Google Chrome
Google Chrome will "de-emphasize" Flash starting this September. Kimihiro Hoshino/AFP/Getty Images

Malware tends to use messages and false advertising to fool users into installing it and a new Chrome malware uses a unique workaround that you’ll want to keep an eye out for.

NeoSmart Technologies, via 9to5Google, discovered a malware prompt that appears on Google Chrome for Microsoft Windows users. As NeoSmart staffer Mahmoud Al-Qudsi writes, the malware works by replacing text on a page with gibberish and then prompting the user to download an update to the “Chrome Font Pack.”

“This attack gets a lot of things right that many others fail at. The premise is actually believable: the text doesn’t render, and it says that is caused by a missing font (HoeflerText, which is a real font, by the way!), which it then prompts you to download and install,” Al-Qudsi said. “The usage of a clean, well-formatted dialog to present the message with the correct Chrome logo – and, more importantly, – the correct shade of blue for the update button. The shape of the update button seems correct, and the spelling and grammar are definitely good enough to get a pass.”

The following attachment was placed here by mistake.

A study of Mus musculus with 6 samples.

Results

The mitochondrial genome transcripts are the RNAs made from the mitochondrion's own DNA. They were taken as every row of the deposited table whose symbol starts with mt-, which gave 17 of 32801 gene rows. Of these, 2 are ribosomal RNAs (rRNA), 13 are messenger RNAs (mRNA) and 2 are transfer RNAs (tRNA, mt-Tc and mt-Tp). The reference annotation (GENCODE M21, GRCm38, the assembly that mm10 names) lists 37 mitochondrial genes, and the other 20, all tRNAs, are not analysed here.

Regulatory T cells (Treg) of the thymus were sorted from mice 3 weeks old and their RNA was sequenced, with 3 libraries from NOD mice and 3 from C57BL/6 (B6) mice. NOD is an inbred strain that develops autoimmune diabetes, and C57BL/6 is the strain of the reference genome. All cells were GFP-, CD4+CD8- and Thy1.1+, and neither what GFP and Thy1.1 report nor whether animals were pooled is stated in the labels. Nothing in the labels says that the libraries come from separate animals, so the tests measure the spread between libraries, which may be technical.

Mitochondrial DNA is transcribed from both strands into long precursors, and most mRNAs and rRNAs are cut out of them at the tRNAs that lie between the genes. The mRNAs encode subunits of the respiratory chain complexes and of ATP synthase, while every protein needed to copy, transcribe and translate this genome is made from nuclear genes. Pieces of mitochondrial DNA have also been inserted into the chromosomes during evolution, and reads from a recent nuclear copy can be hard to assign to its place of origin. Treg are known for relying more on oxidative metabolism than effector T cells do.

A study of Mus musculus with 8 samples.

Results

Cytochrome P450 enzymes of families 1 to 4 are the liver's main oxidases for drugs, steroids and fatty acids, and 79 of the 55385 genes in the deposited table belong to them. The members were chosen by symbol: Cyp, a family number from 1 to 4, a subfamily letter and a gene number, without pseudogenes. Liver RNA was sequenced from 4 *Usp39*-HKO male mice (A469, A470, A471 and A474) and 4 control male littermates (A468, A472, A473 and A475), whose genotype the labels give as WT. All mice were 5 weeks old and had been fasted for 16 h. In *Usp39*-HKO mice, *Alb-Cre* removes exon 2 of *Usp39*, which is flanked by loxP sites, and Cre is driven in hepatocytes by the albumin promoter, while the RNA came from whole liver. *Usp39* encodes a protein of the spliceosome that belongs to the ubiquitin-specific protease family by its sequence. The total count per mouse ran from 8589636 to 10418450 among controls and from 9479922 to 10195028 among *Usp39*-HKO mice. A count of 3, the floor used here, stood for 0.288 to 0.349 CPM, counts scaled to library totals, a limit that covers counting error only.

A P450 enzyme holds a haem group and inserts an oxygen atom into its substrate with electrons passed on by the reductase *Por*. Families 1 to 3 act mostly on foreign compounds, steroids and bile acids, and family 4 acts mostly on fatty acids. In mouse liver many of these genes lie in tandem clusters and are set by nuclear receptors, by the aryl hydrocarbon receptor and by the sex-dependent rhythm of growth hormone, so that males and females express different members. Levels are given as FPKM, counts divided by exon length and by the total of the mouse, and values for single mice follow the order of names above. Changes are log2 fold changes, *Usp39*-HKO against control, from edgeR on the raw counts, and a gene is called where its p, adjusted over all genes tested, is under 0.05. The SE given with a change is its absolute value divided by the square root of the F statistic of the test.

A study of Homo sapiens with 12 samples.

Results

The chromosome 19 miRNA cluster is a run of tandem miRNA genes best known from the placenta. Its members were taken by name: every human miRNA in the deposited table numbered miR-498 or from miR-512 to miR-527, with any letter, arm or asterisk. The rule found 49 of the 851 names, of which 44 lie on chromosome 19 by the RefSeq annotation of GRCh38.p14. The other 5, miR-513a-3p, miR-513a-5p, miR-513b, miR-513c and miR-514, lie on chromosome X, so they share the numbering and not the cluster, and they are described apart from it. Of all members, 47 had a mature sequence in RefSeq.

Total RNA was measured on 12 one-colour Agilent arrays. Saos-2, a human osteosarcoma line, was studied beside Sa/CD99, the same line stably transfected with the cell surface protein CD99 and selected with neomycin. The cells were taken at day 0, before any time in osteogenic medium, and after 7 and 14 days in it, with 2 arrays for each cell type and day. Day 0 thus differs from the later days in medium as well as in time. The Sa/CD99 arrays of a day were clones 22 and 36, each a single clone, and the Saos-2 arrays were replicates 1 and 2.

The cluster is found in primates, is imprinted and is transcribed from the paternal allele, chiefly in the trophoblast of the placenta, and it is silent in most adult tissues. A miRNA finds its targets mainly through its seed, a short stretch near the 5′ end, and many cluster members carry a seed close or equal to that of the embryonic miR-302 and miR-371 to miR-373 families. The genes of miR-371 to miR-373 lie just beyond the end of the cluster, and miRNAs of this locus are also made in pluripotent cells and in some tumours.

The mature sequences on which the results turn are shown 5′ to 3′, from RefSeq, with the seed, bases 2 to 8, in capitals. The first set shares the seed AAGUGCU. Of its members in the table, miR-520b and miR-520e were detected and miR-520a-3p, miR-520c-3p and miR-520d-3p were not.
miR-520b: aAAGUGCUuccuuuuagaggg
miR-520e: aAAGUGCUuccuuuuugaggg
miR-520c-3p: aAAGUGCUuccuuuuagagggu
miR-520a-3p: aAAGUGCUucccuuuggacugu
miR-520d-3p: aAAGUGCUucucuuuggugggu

Al-Qudsi notes the malware has several tells that indicate it’s a fake update. These include incorrect Chrome version descriptions and blurred image text. However, the biggest hurdle for the malware comes from how relatively new the program is. NeoSmart found that it wasn’t detected by Windows Defender or Chrome as being a malicious program.

For users, general best practices for malware prevention will apply if you want to avoid a time-consuming cleaning process. When browsing the internet, stay alert for prompts that look unusual or out of place and avoid installing files that popups ask you to download.